Commission of World Leaders Urges End to Failed Drug War, Fundamental Reforms of Global Drug Prohibition Regime



June 2, 2011

Former Presidents of Brazil , Colombia , Mexico and Switzerland , Prime Minister of Greece , Kofi Annan, Richard Branson, George Shultz, Paul Volcker and Other Leaders Call for Major Paradigm Shift in Global Drug Policy

Today the Global Commission on Drug Policy will release a groundbreaking report at a press conference and tele-conference at the Waldorf Astoria Hotel in New York City . The report condemns the drug war as a failure and recommends major reforms of the global drug prohibition regime.

The Commission is the most distinguished group of high-level leaders to ever call for such far-reaching changes – including not just alternatives to incarceration and greater emphasis on public health approaches to drug use but also decriminalization and experiments in legal regulation.

The Executive Director of the global advocacy organization AVAAZ, with its nine million members worldwide, will present a public petition in support of the Global Commission’s recommendations that will be given to the United Nations Secretary General.

“Fifty years after the initiation of the UN Single Convention on Narcotic Drugs, and 40 years after President Nixon launched the US government’s global war on drugs, fundamental reforms in national and global drug control policies are urgently needed,” said former president of Brazil Fernando Henrique Cardoso. “Let’s start by treating drug addiction as a health issue, reducing drug demand through proven educational initiatives and legally regulating rather than criminalizing cannabis.”

The Commission’s recommendations are summarized in the Executive Summary below this release. They include:

- End the criminalization, marginalization and stigmatization of people who use drugs but who do no harm to others.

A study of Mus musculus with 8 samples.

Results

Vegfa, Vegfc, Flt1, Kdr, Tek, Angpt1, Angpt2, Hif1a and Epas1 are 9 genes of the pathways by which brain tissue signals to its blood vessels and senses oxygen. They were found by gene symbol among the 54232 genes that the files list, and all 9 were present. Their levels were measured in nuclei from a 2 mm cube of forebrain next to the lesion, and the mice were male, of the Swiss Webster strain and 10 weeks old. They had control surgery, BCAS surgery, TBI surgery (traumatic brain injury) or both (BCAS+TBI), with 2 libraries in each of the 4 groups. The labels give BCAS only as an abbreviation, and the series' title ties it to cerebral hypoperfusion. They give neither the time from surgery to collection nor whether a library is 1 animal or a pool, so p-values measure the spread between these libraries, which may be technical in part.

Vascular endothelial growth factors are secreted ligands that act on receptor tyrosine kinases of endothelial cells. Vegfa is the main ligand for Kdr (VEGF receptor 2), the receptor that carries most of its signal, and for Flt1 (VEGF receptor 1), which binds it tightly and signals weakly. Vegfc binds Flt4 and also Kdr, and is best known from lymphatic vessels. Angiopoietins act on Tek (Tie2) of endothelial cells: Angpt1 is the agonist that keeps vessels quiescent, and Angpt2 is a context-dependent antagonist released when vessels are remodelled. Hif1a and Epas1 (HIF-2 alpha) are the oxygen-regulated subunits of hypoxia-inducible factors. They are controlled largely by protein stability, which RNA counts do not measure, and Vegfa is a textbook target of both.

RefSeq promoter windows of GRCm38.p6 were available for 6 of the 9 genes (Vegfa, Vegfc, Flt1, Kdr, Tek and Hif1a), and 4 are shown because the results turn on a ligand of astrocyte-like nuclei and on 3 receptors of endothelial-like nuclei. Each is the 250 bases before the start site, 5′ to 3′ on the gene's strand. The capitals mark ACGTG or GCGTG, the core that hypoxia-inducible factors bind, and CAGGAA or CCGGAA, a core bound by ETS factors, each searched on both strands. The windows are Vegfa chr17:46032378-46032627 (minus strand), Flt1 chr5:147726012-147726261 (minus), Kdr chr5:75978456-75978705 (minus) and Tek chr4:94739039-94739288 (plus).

- Encourage experimentation by governments with models of legal regulation of drugs (especially cannabis) to undermine the power of organized crime and safeguard the health and security of their citizens.

- Ensure that a variety of treatment modalities are available – including not just methadone and buprenorphine treatment but also the heroin-assisted treatment programs that have proven successful in many European countries and Canada.

- Apply human rights and harm reduction principles and policies both to people who use drugs as well as those involved in the lower ends of illegal drug markets such as farmers, couriers and petty sellers.

“Overwhelming evidence from Europe, Canada and Australia now demonstrates the human and social benefits both of treating drug addiction as a health rather than criminal justice problem and of reducing reliance on prohibitionist policies,” said former Swiss president Ruth Dreifuss. “These policies need to be adopted worldwide, with requisite changes to the international drug control conventions.”

“We can no longer ignore the extent to which drug-related violence, crime and corruption in Latin America are the results of failed drug war policies,” said former Colombian president César Gaviria. “Now is the time to break the taboo on discussion of all drug policy options, including alternatives to drug prohibition.”

“The war on drugs has failed to cut drug usage, but has filled our jails, cost millions in tax payer dollars, fuelled organized crime and caused thousands of deaths. We need a new approach, one that takes the power out of the hands of organized crime and treats people with addiction problems like patients, not criminals,” said Richard Branson, founder of the Virgin Group and cofounder of The Elders, United Kingdom. “The good news is new approaches focused on regulation and decriminalization have worked. We need our leaders, including business people, looking at alternative, fact based approaches. We need more humane and effective ways to reduce the harm caused by drugs. The one thing we cannot afford to do is to go on pretending the “war on drugs” is working.”